MHS women’s basketball star Shay Potter is an all-American honorable mention athlete up in ‘Big Sky Country’
May 07, 2018 04:01PM
● By Carl Fauver
Murray High graduate Shay Potter is an honorable mention collegiate all-American basketball player. (Montana Tech)
By Carl Fauver | email@example.com
For the second month in a row we have an outstanding former Murray High School basketball center who’s now tearing things up in college.
Last month we updated you on former MHS star David Collette who helped lead his University of Utah team to the final four of the National Invitation Tournament (NIT) in New York’s Madison Square Garden. He’s a U of U senior who now hopes to play in the NBA or Europe.
This time around, it’s 2016 Murray High School graduate Shay Potter who’s making big news in a small city.
“There’s not much to do in Butte, Montana, so the community really supports our basketball teams, men and women,” said the Montana Tech sophomore. “But I love it here. It’s a small enough school that I know all my professors personally. And I get to play a lot in our games.”
Potter, in fact, played enough this past season to be named to the Frontier Conference Women’s Basketball All-Conference team. Additionally, she was an all-American honorable mention honoree. And most recently, Shay was named to the Academic All-Conference team.
Montana Tech is easy to get to by simply jumping on I-15 in Murray and driving north 422 miles. The interstate leads into Montana’s fifth-largest city. Butte is the Silver Bow county seat, with a combined city/county population of just over 30,000. That’s a far cry from the 60,000 who lived there a century ago, when gold and silver prospectors made Butte the largest city west of the Mississippi River, between San Francisco and Chicago.
Most important: Shay says it’s just the right size for her.
“We have a Walmart… and one movie theater, with two screens,” Potter said. “But the campus is beautiful, the buildings are old and breathtaking. It has a lot of character.”
Shay’s father, Paul Potter, says his oldest of three children found Montana Tech with a pencil, map and protractor.
“Shay played on four different AAU teams and didn’t always have a positive experience,” he said. “She discovered she didn’t really want to play at the division one level, even though many of those schools were recruiting her. So she drew a circle on a map with a 500-mile radius, and began investigating the schools outside Utah, but inside the circle.”
Ultimately Potter wants to be a physical therapist and discovered Montana Tech offers a highly respected pre-med program.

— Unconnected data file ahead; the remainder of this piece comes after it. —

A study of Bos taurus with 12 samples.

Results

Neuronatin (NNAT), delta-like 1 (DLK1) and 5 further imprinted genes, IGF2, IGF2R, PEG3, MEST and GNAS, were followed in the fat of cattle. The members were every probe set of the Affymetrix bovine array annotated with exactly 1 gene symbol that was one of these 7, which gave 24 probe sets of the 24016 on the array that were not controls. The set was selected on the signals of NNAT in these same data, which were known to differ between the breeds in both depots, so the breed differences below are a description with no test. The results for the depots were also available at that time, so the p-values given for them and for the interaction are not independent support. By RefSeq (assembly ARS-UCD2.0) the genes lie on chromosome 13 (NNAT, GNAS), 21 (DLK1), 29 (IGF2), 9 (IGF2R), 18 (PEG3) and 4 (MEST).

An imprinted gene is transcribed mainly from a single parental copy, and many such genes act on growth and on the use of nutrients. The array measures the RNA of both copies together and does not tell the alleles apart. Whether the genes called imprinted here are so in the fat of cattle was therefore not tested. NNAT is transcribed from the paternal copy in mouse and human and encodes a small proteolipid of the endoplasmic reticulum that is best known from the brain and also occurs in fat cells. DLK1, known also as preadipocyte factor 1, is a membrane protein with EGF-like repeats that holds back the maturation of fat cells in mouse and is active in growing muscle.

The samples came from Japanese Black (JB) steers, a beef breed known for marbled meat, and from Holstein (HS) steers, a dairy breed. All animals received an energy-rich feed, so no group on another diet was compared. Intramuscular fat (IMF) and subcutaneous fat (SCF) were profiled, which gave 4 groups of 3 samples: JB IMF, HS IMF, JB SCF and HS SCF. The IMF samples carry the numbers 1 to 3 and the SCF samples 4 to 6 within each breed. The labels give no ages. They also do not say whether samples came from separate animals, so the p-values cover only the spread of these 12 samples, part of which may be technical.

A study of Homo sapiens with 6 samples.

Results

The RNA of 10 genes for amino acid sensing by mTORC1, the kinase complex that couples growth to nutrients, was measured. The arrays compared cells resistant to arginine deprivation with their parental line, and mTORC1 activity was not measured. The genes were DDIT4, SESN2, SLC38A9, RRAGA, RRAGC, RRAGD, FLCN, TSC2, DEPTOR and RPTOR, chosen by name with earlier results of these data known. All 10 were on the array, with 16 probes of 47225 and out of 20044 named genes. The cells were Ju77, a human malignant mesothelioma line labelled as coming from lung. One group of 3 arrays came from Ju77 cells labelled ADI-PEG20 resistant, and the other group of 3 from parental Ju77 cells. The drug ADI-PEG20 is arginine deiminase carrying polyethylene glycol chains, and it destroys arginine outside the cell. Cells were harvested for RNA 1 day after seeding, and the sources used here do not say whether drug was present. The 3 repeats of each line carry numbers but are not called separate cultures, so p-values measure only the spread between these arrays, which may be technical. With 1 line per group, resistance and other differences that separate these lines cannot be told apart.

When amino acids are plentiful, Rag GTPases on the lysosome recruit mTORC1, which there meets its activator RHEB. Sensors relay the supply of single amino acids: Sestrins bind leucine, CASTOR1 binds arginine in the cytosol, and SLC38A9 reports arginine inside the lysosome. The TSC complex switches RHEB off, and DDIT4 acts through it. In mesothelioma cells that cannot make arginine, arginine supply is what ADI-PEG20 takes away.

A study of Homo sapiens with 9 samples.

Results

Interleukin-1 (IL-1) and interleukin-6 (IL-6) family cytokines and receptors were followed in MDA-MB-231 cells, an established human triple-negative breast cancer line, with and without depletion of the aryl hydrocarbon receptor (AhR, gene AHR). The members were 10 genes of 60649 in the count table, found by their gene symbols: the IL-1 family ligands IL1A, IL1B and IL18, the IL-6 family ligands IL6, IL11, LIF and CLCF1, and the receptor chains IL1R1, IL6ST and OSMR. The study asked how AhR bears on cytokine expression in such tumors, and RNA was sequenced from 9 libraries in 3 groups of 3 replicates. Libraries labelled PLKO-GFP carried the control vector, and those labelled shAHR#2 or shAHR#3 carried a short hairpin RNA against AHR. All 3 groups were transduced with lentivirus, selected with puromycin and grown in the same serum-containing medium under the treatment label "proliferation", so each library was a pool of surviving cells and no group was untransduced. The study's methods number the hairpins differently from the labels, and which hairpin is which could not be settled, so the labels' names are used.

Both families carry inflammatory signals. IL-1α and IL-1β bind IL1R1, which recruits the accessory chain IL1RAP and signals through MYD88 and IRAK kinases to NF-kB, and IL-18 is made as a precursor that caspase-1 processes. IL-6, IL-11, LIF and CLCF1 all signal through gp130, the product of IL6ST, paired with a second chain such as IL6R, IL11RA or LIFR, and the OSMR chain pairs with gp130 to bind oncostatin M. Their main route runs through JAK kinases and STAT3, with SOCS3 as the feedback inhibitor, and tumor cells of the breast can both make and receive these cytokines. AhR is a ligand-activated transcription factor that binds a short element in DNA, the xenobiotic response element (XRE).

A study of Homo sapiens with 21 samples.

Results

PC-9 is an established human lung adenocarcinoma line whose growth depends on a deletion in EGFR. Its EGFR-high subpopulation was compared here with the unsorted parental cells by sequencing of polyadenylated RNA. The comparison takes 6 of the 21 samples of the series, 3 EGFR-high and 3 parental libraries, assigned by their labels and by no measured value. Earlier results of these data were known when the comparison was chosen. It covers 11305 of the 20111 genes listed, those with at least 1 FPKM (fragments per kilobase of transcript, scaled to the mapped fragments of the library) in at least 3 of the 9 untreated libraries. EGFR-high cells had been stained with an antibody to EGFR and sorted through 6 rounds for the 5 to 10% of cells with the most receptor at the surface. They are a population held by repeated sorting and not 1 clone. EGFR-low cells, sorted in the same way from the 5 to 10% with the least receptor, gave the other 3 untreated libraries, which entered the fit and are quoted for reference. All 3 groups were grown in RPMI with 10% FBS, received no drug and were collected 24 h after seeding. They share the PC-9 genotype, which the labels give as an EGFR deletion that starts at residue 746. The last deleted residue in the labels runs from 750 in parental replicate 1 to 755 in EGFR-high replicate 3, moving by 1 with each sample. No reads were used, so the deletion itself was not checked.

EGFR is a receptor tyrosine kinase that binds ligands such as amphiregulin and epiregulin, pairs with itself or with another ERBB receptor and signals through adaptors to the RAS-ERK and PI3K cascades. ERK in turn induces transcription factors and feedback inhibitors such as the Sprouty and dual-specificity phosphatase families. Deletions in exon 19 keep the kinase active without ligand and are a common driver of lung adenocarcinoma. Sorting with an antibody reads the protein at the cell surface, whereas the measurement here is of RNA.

“I’m a little injury prone and have spent a lot of time working with physical therapists,” Shay said. “They always promised me they’d get me back out playing again, and they have. I think my experiences will be something I can share with my physical therapy patients someday.”
Potter was so confident in her selection of Montana Tech, that after visiting the campus in the fall of her senior year at Murray she chose to attend the school without making any other official recruiting visits to any other schools.
“Tech offered Shay a four-year, 100 percent full ride scholarship,” her dad added. “It’s a science-only school with very high academic standards. So we were thrilled.”
So too, it seems, was Orediggers women’s basketball head coach Carly Sanon.
“It was great,” Potter added. “(Coach Sanon) drove all the way down from Butte for my national letter of intent signing ceremony, at Murray High.”
Sanon certainly isn’t the first of Shay’s coaches to appreciate her abilities and work ethic.
“Shay was a dream to coach,” said her former Murray girls’ basketball head coach Holly Gillette. “She has a great work ethic, is hungry to learn and loves the game. She left a lasting mark on Murray basketball and I’m proud of the athlete she is and the person she is.”
Gillette coached Potter during her junior and senior seasons as a Spartan, while former head coach – and now MHS co-athletic director – Lisa White guided her in ninth and 10th grade, from the sideline.
“Coach Gillette and Coach White were both amazing,” Shay said. “They were awesome high school coaches who pushed me to be better. It was an amazing experience.”
Despite suffering a pair of injuries – at the start of her freshman and sophomore years at Montana Tech – Potter evolved into a key member of the team. As a freshman she played about 9 minutes per game, averaging 3.6 points and 2.6 rebounds.
Last season – as the Orediggers’ starting center – those numbers jumped to 11 points and 7 boards per game.
But Dad likes some other numbers even more.
“Shay graduated from Murray High School with a 3.95 grade point average and up at Montana Tech it’s now 3.86,” Paul Potter said.
Competing at the National Association of Intercollegiate Athletics (NAIA) level, last winter Potter’s team finished a game under .500, at 15-16. Next year she wants much more – for herself and the team.
“Our team goal is to get into the NAIA national tournament,” Shay said. “And personally, I hope to be All-Conference again and maybe even a first team All-American.”
“We are extremely proud of her performance both academically and athletically,” Paul Potter concluded. “Her success has succeeded all of our expectations.”
A common trend for former Murray High School basketball centers, female and male.